Is it just me, or does it seem like New Girl uses opportunities to talk about its main character to talk about the show itself? Case in point: As much as Jess’ verbal showdown with Julia in “Jess & Julia” was about the character’s perpetually sunny/naïve outlook, it was also a way for New Girl the defend the way the show reflects that viewpoint. As much as episodes like “The Story Of The 50” or tonight’s “Injured” display New Girl’s strengths as an ensemble show, Jess is still its center, its core, the element it’s been most confident in from the start. (Anyone who listens to creator Elizabeth Meriwether’s appearance on the Nerdist Writers Panel can see why the last item in that list is true: Meriwether is Jess, even more so than Zooey Deschanel.)
So when Nick, confronting the possibility that he may have thyroid cancer, snaps at Jess and tells her she doesn’t know how to be real, I hear New Girl challenging itself. And while that line is a squirm-inducing way of declaring “Injured”’s mission statement, it’s still heartening to hear the show setting its bar one rung higher—and then clearing that bar with relish.
“Injured” is by no means perfect. The dialogue, as evidenced above, tends toward the obvious. The sequence of Winston, Schmidt, and Cece composing a musical memorial for the ailing Nick starts out on a high note (Lamorne Morris’ commendable Aaron Neville impression, which transitions smoothly into the alt-rock vocal style The A.V. Club’s founding editor Stephen Thompson memorably termed “hunger dunger dang singing”) but lets that note go several measures too long. The first one-and-a-half acts are confused about what type of episode “Injured” is. (Is this the one where Nick and Winston learn the true cost of their stubbornness? Is this the one where Nick is subjected to a series of embarrassing check-ups from lady doctors? Is this the one where Jess is finally forced to be “real?” Is it a very special episode? Is this a Bucket List episode?) In spite of all this, “Injured” nails emotional cues that were out of New Girl’s range at the beginning of the season. It bodes well for the show’s future as something more than Fox’s cute, little Zooey Deschanel sitcom. I’m taking an immediate shine to the episode because I like that the show can pull off a half-hour that mixes pathos and humor as capably “Injured.”
That shouldn’t be too surprising, considering the writer receiving credit for the teleplay; Saturday Night Live alum J.J. Philbin also spent three seasons in the writers’ room of The O.C., and the “Injured” puts out a similar, “youthful ennui in paradise” vibe. The episode starts big and broad: Nick’s is in extreme pain after being tackled by Jess during a game of football; being uninsured, the only doctor who’ll take a look him is Jess’ friend Sadie (June Diane Raphael), who’s an OB/GYN. A few emasculating jokes and one fantastic roundabout diagnosis and prescription later, we arrive at the heart of the episode: There’s a mysterious lump on Nick’s thyroid, and if the various, alarmist corners of the Internet are to be believed, it could be cancerous.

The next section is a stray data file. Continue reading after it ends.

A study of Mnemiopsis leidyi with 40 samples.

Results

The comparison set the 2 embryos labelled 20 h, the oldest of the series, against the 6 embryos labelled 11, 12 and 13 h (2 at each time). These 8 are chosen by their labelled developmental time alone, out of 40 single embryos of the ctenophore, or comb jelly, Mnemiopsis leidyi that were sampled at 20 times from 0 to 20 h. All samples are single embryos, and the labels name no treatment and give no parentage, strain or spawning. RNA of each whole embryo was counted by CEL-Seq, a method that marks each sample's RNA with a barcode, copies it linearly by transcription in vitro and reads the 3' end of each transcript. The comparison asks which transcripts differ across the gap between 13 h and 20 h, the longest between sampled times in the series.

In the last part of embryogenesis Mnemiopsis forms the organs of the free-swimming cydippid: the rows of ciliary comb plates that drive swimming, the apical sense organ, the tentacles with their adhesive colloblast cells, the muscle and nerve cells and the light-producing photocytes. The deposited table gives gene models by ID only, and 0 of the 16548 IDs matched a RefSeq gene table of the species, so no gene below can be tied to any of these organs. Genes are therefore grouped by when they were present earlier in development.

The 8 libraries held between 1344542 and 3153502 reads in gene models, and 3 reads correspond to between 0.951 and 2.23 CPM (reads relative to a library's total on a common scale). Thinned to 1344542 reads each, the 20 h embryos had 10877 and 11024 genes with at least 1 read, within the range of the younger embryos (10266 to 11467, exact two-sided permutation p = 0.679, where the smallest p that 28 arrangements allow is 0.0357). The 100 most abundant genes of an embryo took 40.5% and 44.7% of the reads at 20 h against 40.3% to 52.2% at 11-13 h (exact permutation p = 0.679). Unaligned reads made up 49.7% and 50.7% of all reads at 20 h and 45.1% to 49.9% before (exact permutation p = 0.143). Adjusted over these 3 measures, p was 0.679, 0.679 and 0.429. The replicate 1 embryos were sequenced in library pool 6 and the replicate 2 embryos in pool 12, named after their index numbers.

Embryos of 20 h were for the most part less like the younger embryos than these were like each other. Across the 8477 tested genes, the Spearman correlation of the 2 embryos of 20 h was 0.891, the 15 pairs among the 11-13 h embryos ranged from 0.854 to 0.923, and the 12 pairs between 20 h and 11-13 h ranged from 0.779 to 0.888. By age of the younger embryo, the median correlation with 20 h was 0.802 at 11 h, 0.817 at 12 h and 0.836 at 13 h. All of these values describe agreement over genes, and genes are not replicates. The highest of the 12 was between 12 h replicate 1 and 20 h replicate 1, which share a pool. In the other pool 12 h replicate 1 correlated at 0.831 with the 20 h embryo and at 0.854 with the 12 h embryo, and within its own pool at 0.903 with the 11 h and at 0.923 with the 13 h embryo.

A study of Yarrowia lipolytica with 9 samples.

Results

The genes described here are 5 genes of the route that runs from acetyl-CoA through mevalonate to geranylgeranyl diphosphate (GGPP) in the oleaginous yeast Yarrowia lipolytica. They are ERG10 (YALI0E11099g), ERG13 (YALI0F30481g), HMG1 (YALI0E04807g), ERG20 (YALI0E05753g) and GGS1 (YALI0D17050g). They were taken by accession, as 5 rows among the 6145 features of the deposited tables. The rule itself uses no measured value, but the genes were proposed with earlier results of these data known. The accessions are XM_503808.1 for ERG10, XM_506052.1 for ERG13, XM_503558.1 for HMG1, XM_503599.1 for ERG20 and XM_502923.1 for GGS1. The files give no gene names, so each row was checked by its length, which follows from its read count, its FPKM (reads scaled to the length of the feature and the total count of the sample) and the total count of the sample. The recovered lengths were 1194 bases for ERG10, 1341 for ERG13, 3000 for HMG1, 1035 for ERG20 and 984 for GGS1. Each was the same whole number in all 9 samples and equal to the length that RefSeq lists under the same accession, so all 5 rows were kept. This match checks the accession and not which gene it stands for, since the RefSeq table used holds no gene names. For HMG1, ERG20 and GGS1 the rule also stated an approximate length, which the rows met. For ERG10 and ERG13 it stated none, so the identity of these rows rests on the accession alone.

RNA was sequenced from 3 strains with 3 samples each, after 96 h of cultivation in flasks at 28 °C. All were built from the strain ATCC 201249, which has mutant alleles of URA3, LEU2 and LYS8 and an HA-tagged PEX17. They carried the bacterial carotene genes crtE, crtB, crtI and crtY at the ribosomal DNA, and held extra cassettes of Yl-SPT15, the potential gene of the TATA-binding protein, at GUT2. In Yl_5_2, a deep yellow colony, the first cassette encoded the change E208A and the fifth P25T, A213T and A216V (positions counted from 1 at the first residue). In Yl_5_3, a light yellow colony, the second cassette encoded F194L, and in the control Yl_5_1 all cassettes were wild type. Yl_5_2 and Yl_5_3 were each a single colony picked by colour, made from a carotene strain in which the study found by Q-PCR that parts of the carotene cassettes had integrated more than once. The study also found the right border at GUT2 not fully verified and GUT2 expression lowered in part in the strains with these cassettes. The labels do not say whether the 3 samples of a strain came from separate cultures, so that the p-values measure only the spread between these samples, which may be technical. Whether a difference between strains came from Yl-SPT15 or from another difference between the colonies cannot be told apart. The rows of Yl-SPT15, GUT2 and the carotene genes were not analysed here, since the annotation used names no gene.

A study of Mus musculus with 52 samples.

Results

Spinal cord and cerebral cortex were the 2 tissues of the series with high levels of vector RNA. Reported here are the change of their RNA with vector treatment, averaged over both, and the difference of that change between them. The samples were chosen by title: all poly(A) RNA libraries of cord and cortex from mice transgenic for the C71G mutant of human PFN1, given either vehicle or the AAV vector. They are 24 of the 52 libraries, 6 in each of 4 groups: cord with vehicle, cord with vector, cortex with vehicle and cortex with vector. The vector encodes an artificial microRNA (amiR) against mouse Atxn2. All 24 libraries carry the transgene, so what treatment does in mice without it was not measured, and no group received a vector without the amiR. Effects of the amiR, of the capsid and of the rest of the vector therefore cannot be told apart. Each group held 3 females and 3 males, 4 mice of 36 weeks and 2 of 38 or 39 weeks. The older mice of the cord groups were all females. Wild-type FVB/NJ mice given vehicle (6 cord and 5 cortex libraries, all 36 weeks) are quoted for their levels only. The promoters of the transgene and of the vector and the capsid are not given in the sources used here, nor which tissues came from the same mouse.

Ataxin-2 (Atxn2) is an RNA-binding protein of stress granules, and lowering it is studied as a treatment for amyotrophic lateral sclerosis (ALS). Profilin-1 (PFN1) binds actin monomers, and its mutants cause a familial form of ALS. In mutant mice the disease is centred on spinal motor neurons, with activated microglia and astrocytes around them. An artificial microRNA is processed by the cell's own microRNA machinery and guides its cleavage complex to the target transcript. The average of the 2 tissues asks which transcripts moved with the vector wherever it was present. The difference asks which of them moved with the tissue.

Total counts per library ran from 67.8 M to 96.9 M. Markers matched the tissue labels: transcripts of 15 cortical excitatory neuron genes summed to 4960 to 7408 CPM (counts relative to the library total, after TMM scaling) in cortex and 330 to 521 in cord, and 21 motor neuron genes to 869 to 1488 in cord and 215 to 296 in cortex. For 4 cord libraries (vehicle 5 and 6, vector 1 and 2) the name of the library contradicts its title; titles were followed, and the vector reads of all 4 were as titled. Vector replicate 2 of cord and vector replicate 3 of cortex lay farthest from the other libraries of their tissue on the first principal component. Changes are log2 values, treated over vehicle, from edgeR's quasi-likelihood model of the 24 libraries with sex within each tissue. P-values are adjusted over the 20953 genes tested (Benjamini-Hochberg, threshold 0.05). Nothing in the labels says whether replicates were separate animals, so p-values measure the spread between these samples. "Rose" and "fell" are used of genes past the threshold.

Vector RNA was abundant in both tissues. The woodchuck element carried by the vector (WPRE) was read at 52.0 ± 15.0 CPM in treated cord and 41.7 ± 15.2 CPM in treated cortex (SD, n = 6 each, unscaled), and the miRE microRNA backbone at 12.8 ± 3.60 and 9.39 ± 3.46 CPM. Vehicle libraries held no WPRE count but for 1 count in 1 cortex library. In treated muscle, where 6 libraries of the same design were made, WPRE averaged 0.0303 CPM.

It’s there that the episode could start plowing directly through “very special episode” clichés—but it doesn’t. It makes a feint toward a Bucket List-style epiphany, but a few seconds of splashing around in cold ocean waters persuade Nick that night time is not the right time to go swimming in the Pacific.
Instead, Nick’s brush with mortality forces the roommates and Cece to take stock of the relationships within their group. There’s a sense, as they sit on the beach, that while none of them ended up where they wanted to be at this point in their lives, at this moment, they’re in the right place. It’s a poignant moment, one of the most memorable the show has conjured thus far. (Considering her time at The O.C.—a show which knew a thing or to about having contemplative moments by the ocean—I’m assuming we can credit this to Philbin.) And then Schmidt vocalizes his thought about the perfect indent of Cece’s ass that will be left behind when the night is finished, and the humor/pathos balance is re-established.
Maybe I’ve been watching too much Cheers lately, but I’m of a mindset where it’s exciting see a comedy try something with more emotional heft, as New Girl does with “Injured.” (Of course, it’s emotional heft based on a false alarm—believe it or not, New Girl isn’t looking to give one of its main characters cancer.) The show is never the funniest nor the swiftest single-camera sitcom on the block, but it’s perfectly suited for ending an episode with one character’s burden being supported by five characters. After all, they’ve been doing so since the second episode. Sure, the show is squishy and doe-eyed, like its protagonist. And like its protagonist, the series has seemed at times like it doesn’t know how to be real—but “Injured” shows that’s not the case.
- Adventures in fact-checking: J.J. Philbin is the wife of Parks And Recreation showrunner Michael Schur and Regis Philbin’s daughter.
- Winston’s beat-up SUV is one of the episode’s more obvious symbolic elements, and it ultimately ends up playing a smaller role than the first act signals. But Lamorne Morris totally sells the scene where his character abandons the car—a difficult parting with a representation of his once-promising basketball career. At least he gets to keep a souvenir, in the form of the license plate.
- In the version of “Injured” posted on Fox’s digital screening room, the episode’s final scenes are scored to Beach House’s “Take Care.” That band has always come across as too sleepy for my tastes, but the song captures the mood of the conclusion perfectly. Here’s hoping it stays in the broadcast cut.
- Some parts of Winston’s car are only “car parts” in the academic sense: “You shouldn’t call them keys—it’s the paperclip you start the car with.”
- Schmidt and Cece share a moment: Schmidt: “I had a cat that died.” Cece: “Don’t compare my dad to your cat.”